Apr 17 2013
Background-check amendment is too vague for law abiding citizens to understand and too easy for criminals to avoid.
Following the tragedy at Sandy Hook Elementary, the country was rightly focused on steps we might take to help stop such horrible crimes from happening. Unfortunately, the proposals offered in the Senate, including the expansion of background checks, would serve primarily to restrict the rights of law-abiding citizens, while doing little, if anything, to prevent the kind of tragic violent crimes that took place in Newtown, Conn., and Aurora, Colo.
The background-check amendment offered by Sens. Pat Toomey and Joe Manchin is too vague for law abiding citizens to understand with certainty, and too easy for criminals to avoid. The legislation creates more questions than it answers about which types of transfers are lawful without a background check and might ensnare law abiding gun owners who are simply exercising their constitutional rights. It also leaves in place a number of gaps that could easily be exploited by criminals intent on obtaining guns to commit violent crimes.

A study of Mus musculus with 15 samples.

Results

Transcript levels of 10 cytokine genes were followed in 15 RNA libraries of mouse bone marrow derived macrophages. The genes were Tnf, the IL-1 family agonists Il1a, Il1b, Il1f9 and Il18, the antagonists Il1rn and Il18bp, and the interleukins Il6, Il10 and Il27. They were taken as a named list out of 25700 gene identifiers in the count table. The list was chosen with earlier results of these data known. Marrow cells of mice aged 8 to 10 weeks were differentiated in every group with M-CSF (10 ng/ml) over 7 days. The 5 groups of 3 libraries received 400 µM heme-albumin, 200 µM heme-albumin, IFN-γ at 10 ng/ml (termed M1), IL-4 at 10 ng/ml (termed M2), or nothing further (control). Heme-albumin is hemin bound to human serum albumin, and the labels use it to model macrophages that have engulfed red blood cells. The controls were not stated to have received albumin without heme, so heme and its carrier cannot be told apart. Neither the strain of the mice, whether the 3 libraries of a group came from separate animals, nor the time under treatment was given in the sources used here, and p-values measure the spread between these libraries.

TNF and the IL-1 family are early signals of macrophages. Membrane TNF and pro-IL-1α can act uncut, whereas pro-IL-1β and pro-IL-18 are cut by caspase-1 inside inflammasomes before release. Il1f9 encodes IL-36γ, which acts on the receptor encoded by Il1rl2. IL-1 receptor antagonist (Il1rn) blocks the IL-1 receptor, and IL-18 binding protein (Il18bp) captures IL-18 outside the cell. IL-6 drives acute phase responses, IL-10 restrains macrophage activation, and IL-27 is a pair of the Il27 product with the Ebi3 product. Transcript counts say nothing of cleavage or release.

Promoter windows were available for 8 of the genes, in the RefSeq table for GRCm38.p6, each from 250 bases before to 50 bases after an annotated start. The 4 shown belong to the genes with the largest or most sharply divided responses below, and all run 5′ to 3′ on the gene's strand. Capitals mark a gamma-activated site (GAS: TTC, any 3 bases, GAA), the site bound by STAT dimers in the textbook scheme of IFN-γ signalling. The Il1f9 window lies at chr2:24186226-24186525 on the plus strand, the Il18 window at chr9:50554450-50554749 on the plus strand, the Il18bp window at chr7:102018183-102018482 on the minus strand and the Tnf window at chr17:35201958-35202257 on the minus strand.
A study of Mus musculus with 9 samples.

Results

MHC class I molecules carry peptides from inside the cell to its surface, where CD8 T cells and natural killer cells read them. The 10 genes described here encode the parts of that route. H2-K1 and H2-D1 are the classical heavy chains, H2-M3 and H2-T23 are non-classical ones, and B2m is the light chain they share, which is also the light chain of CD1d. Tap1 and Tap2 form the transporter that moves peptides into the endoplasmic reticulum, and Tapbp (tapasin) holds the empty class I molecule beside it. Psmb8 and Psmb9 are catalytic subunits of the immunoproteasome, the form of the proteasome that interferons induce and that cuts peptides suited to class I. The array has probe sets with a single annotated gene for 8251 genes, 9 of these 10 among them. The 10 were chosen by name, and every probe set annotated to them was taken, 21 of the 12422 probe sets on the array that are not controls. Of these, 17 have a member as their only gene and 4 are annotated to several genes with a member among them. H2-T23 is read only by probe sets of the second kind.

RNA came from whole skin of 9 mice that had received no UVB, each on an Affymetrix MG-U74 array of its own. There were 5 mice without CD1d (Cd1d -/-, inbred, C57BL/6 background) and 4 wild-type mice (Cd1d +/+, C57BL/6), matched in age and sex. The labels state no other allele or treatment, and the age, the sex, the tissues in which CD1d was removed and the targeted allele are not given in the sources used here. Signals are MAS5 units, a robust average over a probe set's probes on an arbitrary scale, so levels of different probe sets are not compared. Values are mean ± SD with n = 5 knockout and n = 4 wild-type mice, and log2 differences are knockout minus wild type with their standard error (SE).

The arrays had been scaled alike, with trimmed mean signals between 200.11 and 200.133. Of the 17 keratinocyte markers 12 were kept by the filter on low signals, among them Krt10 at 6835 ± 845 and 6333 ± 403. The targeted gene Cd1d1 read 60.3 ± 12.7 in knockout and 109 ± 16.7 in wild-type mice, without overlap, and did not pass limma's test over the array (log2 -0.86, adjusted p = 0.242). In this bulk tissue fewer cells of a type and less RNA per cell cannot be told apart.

The Toomey-Manchin amendment admirably attempts to carve out certain protections for gun owners, but today's carve-outs are tomorrow's loopholes. The current "gun show loophole" was itself once considered a legitimate carve-out that protected certain private sales.
The amendment also takes an incremental step toward universal background checks, which, as a Department of Justice memo written earlier this year suggested, are effective only when coupled with a national registration system. Admittedly, the Toomey-Manchin plan prohibits a national registry. Yet although the amendment doesn't create a national database, it does require a massive expansion of gun ownership data collected by federally licensed dealers to which the government has access.
After all, you cannot track all gun sales without tracking all gun owners. But the government has no business monitoring constitutionally protected activity, like gun ownership, any more than it has any business tracking what books Americans read or how often they attend church.
Gun-control advocates point to polls that show support for expanding background checks. But members of Congress do not get to vote on broad poll questions. They have to vote on specific legislation. If we are trying to minimize the burden on law abiding gun owners while taking significant steps to prevent the next Sandy Hook, the Toomey-Manchin amendment fails both elements of that test.